Have you given your tale enough “oomph”? There should be no “boring bits” with information drip-fed in. You need to alter the pace a bit as too much excitement is exactly that - too much - but too little and there is no story. The “troughs” in between should give your reader information they’ll need to take your tale forward and a chance to get their breath back as it were, but not for too long. Do play cat and mouse. There should be a sense of something “coming”.
The Way Characters Speak
Do your characters speak in an appropriate way for how you’ve portrayed them? L’Evallier I’ve deliberated portrayed as never using contractions, not even when stressed whereas the Queen sometimes will, partly to try to keep her “common touch” up and running.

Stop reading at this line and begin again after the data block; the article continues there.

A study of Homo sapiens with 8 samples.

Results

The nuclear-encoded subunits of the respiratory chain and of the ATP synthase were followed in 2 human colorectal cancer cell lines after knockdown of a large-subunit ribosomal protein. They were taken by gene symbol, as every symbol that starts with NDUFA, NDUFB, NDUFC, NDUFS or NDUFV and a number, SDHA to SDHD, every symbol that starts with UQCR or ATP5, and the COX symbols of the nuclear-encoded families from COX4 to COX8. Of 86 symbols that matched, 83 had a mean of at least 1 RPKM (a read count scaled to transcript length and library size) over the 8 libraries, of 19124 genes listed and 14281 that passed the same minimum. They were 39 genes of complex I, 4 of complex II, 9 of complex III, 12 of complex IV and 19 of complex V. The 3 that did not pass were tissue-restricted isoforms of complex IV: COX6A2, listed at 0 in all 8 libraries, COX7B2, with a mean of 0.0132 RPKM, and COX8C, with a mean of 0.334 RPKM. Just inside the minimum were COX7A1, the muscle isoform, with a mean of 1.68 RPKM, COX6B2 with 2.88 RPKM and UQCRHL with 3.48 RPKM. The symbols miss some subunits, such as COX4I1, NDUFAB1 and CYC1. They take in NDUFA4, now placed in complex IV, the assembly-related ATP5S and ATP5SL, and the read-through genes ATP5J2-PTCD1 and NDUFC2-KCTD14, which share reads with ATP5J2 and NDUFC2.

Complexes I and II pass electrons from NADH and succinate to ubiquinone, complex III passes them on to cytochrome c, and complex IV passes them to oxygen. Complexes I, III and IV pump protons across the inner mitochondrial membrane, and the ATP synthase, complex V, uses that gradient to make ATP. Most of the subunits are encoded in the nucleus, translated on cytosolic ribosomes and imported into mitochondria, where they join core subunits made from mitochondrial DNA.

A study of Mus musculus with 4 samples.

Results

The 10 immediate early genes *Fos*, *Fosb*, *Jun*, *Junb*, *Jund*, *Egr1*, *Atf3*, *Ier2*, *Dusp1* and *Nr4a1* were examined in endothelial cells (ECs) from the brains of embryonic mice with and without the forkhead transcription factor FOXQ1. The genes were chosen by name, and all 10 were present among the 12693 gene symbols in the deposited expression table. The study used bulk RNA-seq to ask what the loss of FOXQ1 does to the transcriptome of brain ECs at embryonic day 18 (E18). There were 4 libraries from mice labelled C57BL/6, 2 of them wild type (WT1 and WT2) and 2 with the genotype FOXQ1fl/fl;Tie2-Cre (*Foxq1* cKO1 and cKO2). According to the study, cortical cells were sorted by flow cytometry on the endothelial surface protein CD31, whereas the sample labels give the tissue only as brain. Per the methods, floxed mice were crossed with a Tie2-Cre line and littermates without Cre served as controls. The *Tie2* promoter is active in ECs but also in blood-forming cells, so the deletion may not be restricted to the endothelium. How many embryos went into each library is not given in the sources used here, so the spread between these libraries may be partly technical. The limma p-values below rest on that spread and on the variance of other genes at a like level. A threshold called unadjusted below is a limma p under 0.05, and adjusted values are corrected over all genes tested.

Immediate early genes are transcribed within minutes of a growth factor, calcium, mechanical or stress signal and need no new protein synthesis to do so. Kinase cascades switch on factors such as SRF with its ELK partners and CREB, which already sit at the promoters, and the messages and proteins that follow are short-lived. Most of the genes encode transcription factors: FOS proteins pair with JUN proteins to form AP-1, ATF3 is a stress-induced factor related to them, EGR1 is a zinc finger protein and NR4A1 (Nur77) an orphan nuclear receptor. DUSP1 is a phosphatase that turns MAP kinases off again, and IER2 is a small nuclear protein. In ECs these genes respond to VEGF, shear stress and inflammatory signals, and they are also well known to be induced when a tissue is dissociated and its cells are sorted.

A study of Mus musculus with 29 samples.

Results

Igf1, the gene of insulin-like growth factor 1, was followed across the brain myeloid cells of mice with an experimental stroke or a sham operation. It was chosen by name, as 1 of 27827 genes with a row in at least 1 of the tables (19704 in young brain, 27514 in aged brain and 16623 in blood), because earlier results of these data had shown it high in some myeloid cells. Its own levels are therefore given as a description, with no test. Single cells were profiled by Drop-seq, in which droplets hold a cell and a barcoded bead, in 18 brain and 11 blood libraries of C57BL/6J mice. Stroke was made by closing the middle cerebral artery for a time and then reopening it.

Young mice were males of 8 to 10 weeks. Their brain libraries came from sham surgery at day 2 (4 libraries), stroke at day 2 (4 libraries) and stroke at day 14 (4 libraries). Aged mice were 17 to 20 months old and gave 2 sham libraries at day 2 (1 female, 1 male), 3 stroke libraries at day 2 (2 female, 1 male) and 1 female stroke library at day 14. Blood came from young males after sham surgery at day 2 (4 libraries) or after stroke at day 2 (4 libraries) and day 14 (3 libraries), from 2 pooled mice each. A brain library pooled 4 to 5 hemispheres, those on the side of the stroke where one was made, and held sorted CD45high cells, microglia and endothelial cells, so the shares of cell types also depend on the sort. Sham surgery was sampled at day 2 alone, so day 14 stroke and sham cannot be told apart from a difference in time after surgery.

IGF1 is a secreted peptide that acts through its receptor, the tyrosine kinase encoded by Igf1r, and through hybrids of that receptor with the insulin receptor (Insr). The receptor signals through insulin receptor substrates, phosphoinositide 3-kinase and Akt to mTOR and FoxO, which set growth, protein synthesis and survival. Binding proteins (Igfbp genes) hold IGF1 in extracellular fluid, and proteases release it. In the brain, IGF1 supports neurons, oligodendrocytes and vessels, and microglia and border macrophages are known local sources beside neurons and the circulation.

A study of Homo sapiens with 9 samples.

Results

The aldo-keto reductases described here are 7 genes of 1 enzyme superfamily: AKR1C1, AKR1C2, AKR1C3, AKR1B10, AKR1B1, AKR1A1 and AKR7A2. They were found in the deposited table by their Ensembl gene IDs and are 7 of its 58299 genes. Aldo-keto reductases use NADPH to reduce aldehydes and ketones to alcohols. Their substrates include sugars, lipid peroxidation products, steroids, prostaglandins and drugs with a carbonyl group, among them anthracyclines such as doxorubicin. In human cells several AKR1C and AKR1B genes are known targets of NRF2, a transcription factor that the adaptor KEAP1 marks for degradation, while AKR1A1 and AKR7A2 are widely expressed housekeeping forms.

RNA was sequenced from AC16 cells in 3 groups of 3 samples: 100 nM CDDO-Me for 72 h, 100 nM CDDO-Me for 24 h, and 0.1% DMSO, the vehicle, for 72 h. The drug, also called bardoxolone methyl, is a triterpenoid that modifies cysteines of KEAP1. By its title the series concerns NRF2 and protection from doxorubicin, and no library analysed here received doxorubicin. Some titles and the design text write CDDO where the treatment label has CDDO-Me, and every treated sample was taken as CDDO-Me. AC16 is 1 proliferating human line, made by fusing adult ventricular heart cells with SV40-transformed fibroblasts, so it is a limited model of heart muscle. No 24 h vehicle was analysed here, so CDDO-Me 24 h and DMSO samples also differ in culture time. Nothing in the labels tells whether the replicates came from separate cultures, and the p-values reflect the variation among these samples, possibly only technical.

Visualizing Your World
Can people visualize your world? We don’t need an atlas or an in-depth history but enough details to see what you see when you write, enough to make it seem as if it could be real.
Your characters may be the weirdest aliens imaginable or have intellect we humans can only dream of but they should still have traits we can identify with. After all I think it’s a fairly safe bet to suggest the Daleks are a tad on the aggressive side but it’s how our hero overcomes that aggression that drives the Doctor Who stories. No aggression = no Dalek. No character trait = no character worth writing about.
What are your characters striving for? What can they use to help them achieve their wishes? If everyone can do magic, then that’s no story but if everyone can do magic but there are those who can do a lot more then you get a tale, if only based on the inevitable resentment of those who don’t have so much.